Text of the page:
Last May, Adobe introduced the Adobe Creative Cloud…but what is it? In the most simplest explanation, it is a new way to purchase Adobe software. But it is really much more than that.
We are familiar with “Buying Option #1” (below), where we purchase a perpetual license to the software and we own it for a lifetime. Great, right? But there are a few negatives—purchasing a perpetual license comes with a hefty price tag. The CS6 Master Collections will cost you close to $3,000, while a year subscription to the Creative Cloud costs around $600. And after you spend nearly $3,000 on software, Adobe will release the next version, and now your expensive software is outdated. The Adobe Creative Cloud is always up-to-date.
Buying Option #1 (Perpetual License)
- Lifetime ownership
- Expensive to buy
- Specific to a version
Buying Option #2 (Subscription)
- Time-based ownership
- Smaller payments
- Always up-to-date
The top 5 reasons I love Adobe Creative Cloud:
Syncing Devices: With the Creative Cloud, you have the ability to sync your devices and have access to your files whenever and wherever you need them. With the help of Adobe touch apps, you can create work anywhere with your mobile devices, and sync your work with the Creative Cloud. For example, I created an illustration in Adobe Ideas (Image 1), an Adobe touch app for the iPad or iPhone. The illustration synced to the Creative Cloud, where I later opened it on my laptop where I have all my Adobe desktop applications.
All Adobe Idea files are vector graphics and the .idea file can be opened right in Adobe Illustrator (Image 2).
Image 1: Using Mobile devices, Adobe touch apps and syncing across devices
Image 2: Opening Adobe Ideas file in Adobe Illustrator
Cloud Storage: The Adobe Creative Cloud comes with 20 GB of cloud storage. You determine what files you put in the “Cloud.”
File Sharing: Once you have files in the Cloud, you can share them privately by sending via an email, or publicly by posting to your Behance account. Adobe acquired Behance and it is now offered as part of the Creative Cloud. You can use Behance to showcase your work, get instant feedback and create a online portfolio using Behance Prosite.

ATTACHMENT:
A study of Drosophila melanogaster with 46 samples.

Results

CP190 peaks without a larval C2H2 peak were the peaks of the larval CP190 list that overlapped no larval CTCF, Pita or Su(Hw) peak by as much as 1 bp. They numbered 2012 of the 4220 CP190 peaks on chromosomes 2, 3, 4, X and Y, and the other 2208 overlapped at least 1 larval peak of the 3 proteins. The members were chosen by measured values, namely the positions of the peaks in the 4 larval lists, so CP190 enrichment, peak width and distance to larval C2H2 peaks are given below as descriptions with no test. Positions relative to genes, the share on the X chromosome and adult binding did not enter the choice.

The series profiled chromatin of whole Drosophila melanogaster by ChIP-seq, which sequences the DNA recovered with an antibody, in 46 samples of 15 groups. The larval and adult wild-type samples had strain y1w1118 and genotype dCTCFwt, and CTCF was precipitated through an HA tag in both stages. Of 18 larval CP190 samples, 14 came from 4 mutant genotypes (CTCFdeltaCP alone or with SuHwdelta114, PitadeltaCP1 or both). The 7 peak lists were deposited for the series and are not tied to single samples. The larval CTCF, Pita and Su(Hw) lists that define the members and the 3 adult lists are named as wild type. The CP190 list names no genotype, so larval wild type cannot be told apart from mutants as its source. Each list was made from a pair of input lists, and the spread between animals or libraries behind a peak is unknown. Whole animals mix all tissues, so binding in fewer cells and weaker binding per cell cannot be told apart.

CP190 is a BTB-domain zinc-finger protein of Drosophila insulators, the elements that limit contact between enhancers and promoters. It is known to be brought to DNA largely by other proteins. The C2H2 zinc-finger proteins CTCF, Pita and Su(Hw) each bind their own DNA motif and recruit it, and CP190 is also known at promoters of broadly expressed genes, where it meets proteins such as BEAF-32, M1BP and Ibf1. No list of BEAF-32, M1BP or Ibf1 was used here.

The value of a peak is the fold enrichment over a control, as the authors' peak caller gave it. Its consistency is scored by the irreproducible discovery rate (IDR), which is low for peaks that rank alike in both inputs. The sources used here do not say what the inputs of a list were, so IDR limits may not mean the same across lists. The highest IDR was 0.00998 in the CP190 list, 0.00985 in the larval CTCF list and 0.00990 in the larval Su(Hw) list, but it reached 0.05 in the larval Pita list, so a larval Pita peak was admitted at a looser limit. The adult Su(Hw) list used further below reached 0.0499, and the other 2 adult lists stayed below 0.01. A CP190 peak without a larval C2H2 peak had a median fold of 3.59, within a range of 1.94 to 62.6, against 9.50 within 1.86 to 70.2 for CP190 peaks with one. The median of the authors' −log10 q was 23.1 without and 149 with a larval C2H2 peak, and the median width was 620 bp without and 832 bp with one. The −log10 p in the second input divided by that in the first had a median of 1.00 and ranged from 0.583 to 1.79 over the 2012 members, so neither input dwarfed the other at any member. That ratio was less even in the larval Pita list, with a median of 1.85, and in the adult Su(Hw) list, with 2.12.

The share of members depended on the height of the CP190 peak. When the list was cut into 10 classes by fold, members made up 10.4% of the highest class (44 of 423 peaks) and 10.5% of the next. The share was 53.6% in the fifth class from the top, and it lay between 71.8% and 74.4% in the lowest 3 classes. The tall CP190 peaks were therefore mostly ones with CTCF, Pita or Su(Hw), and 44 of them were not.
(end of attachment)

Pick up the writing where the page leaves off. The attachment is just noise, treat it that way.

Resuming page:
Software Updates: Imagine receiving CS7 updates before CS7 is released. When you are a Creative Cloud member, you are treated as a VIP of sorts. As Adobe updates their software, you have access to the updates before the rest of the world. For example, Adobe Illustrator released a new Package Files feature. This gives Illustrator users the ability to “Package” their files, creating a folder that includes all their images, fonts, and the original Illustrator file—a packaged file works great for sending to a printer. This new feature was only released to Cloud members. This is just one example of many software updates since the release of CS6.
Access to New Products and Services: As a Creative Cloud member, you have access to any new products and services. For example, when Adobe acquired Behance, they added it to the Cloud as an additional service. Adobe Muse, a new web design application, is only available through the Cloud. Adobe Acrobat XI was released and only made available to Cloud members. Members now have the ability to create iPad apps with Adobe InDesign and Adobe Digital Publishing Suite, Single Edition (exclusive to Creative Cloud members).
There are many common misconceptions about the Adobe Creative Cloud—you do not run your applications in a web browser, you do not need to connect to the internet to run your applications, and you can share your work with friends and clients who do not subscribe to the cloud. And one of the best benefits of the Creative Cloud…you don’t have to buy a separate subscription for Mac and PC. With just one subscription, you can install on your PC at work and your Mac at home (or vice versa).
Have questions about whether Adobe Creative Cloud is right for you? Contact us at email@example.com or 1-855-552-3623 (toll free).